Rotting food is unacceptable in a country where children are dying from malnutrition. Yet far more food is lost to theft and corruption once it starts moving toward the people who need it. On a late afternoon in Patiala, a group of truck drivers stands around a rice miller's yard, watching workers from Bihar state unload sacks of paddy to be milled into rice. One driver explains that the opportunity to grab a bag or two usually comes in the chaos of loading rice bags onto train platforms before they are sent by rail to any state where rice is needed. "Sometimes we'll steal a few bags," admits a driver, chuckling. "If it's good quality, we'll take it home ourselves. Otherwise we'll sell it."
It's not just truck drivers who nab the odd sack of rice. In the past decade, as much as $14.5 billion worth of government food was stolen by corrupt politicians in Uttar Pradesh alone, according to a 2012 Bloomberg investigation. It's not clear how much food continues to be lost each year, but it's enough to feed a lot of hungry people. In 2005 the Planning Commission estimated that about 58% of public food grains from central authorities did not reach the intended beneficiaries. More recent assessments show the system is becoming more efficient. A 2011 survey of nine states, led by economist Reetika Khera, found that households were receiving more than 80% of their entitled food, except in Bihar state, a notorious underperformer.
But Punjab, a relatively rich state, experiences widespread theft too. "Everyone here has food," says Parminder Sandhu, Punjab's joint secretary in the Department of Food, Civil Supplies and Consumer Affairs. In India's breadbasket, even people who qualify for ration cards have enough rice and wheat from their own fields. They don't need their allotted, discounted food, so shopkeepers sell it off. "People don't visit the ration shops," says Sandhu, "so it gets diverted to the open market. That's how it goes."
Another factor why food gets pilfered: shopkeepers who don't make enough on government grains are tempted to sell them when market prices are higher. In Bilaspur, a rural district outside Shimla, the window of the village's fair-price shop is crammed with customers who have come to buy sacks of rice and wheat for the month. "I don't sell my rations [on the black market], but others do," says D.P. Varma, the owner, sitting with a ledger on his lap. Varma says the commission he receives for selling government grains between 13% and 23% isn't enough to keep his business going. "I used to have staff, but I couldn't afford them. Now I work alone."
A Moving Target
Varma's state, Himachal Pradesh, was among the first in the country to implement the NFSA, on Sept. 20. A little over half of the state's population will be covered by the new food scheme, and the rest by the state itself. In the past, Himachal Pradesh has done better than other states in stopping theft and leakages; in 2009 10, only 22% of food grains there were being illegally diverted, compared with 74.5% in Bihar and 66% in Rajasthan.
Yet things still need fine-tuning. In Kanaul, a village 25 km outside Shimla, the roadside ration shop is shuttered, the owner out sick for the day. It's a 20-minute walk downhill to the smattering of homes that buy their food there. One belongs to Narayan Das, a 72-year-old farmer with sunken cheeks covered in a coarse white beard. Das supports two wives, three daughters, two sons and a daughter-in-law on the vegetables growing on his land. It's a big household, and the rice and wheat he is entitled to buy is "nowhere near enough" to feed the family, Das says. He gestures to the withering corn rows beneath his hillside home. "We work in the field," he says. "We need to eat."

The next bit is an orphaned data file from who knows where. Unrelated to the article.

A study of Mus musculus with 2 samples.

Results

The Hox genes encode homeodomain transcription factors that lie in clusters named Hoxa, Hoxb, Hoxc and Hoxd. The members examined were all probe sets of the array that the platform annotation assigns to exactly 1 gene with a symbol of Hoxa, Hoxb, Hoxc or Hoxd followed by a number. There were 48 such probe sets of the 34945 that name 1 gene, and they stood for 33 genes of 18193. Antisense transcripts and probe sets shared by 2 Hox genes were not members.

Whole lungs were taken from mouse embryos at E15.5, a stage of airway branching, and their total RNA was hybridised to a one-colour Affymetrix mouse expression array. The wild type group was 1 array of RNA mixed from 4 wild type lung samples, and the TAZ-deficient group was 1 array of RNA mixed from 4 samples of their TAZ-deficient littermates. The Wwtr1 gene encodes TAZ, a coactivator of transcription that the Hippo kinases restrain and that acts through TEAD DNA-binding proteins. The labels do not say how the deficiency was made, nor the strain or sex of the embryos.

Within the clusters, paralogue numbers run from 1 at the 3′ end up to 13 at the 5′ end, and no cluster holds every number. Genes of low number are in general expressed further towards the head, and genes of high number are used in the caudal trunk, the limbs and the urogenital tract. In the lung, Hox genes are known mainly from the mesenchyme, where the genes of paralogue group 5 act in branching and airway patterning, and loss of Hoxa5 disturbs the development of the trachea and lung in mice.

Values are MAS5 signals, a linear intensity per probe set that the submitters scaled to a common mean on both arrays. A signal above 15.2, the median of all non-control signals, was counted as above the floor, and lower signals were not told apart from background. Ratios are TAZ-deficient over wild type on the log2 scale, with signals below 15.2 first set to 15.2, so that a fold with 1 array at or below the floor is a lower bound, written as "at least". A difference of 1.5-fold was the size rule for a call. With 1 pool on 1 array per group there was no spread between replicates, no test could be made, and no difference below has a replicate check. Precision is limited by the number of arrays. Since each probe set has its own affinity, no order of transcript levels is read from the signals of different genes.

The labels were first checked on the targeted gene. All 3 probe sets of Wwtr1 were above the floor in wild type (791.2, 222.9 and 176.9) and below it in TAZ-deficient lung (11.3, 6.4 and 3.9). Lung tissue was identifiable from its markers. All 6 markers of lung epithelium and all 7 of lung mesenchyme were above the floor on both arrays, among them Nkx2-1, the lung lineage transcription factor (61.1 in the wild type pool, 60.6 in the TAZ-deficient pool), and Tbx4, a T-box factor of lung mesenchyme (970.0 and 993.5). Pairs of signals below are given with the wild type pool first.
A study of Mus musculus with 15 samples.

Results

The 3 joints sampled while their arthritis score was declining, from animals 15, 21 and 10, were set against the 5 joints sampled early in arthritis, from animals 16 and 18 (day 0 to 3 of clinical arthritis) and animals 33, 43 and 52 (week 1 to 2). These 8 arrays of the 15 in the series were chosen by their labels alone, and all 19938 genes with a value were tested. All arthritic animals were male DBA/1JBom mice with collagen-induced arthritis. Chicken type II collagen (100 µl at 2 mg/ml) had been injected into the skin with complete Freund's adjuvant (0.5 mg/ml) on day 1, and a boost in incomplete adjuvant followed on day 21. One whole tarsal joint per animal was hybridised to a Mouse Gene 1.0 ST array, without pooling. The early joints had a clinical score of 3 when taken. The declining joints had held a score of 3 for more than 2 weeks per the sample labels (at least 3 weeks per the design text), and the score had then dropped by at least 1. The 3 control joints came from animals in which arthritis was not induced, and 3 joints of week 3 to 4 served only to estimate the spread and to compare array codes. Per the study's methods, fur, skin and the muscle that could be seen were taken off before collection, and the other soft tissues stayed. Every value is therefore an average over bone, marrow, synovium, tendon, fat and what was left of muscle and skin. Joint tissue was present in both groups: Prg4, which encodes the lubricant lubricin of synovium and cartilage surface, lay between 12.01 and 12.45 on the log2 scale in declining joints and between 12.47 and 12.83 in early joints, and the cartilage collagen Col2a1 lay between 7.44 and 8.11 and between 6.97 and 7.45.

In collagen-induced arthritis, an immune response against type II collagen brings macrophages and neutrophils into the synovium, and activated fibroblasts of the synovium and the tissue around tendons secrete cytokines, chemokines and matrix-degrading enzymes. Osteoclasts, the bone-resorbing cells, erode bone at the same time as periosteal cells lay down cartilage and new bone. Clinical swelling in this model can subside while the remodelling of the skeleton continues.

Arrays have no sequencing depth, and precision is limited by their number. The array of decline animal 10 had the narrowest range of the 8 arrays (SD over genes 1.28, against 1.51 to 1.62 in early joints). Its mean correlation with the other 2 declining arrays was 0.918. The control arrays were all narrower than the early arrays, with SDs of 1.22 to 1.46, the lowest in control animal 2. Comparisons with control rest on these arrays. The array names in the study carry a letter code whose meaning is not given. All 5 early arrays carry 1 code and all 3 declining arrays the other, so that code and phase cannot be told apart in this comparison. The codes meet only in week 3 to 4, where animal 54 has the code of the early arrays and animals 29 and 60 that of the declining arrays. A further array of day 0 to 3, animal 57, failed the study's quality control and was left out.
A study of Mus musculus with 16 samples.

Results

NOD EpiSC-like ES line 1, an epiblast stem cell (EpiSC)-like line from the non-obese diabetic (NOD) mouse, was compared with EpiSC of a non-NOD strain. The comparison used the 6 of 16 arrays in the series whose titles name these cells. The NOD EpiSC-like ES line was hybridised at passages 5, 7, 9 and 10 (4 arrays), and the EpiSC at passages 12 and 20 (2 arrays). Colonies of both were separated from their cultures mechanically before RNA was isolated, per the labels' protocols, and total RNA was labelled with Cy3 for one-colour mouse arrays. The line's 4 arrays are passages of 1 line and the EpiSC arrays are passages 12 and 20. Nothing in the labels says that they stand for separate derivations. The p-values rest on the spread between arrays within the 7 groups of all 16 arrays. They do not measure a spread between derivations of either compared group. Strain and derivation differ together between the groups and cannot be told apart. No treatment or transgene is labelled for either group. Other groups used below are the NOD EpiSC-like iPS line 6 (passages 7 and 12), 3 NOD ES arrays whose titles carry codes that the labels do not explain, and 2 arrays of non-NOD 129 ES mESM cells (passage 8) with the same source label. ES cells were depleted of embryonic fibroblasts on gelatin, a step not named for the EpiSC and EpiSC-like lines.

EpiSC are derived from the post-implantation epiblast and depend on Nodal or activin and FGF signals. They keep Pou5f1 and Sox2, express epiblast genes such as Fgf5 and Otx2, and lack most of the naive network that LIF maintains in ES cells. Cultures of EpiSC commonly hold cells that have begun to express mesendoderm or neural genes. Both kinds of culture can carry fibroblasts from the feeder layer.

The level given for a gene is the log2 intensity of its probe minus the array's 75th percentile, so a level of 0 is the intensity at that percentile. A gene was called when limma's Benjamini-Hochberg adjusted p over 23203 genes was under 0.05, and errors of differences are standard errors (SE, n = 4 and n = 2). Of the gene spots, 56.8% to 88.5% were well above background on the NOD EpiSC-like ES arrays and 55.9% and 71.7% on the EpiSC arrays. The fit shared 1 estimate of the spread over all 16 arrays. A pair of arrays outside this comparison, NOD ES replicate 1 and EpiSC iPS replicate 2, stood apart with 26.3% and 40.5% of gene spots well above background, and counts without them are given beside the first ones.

The law's supporters are confident the system will get better with time by, among other measures, computerizing the supply chain and having more co-ops, rather than individuals, run the ration shops. Some say that eventually moving from food aid to direct cash transfers, which the law allows for, will help too. "Establishing the right to food is not an empty gesture," says Peter Kenmore, representative of the U.N.'s Food and Agriculture Organization in India. "What could happen over the next 20 years would be a refocusing, so that people who are most severely at risk receive the lion's share of the attention." Then, says Kenmore, more food could be given to fewer people, the public distribution system could downsize and be cheaper to run, and "the total subsidy goes down."
That would take too long to help Congress win this year's elections. And it might not be enough to settle the debate over growth vs. spending to tackle India's poverty. "It takes a huge amount of time for people to realize that food is actually a right," says Himanshu, an economist at Jawaharlal Nehru University who uses just one name. "That people can demand food, and go and shout at a person and say, 'This is my right. You can't give it to somebody else.'" And, he adds, "Once that starts, it moves exponentially." There's no denying India's landmark law relies on a flawed system that, currently, is inefficient, expensive and bedeviled by corruption. But there's also no denying this: countless Indians are the better for it.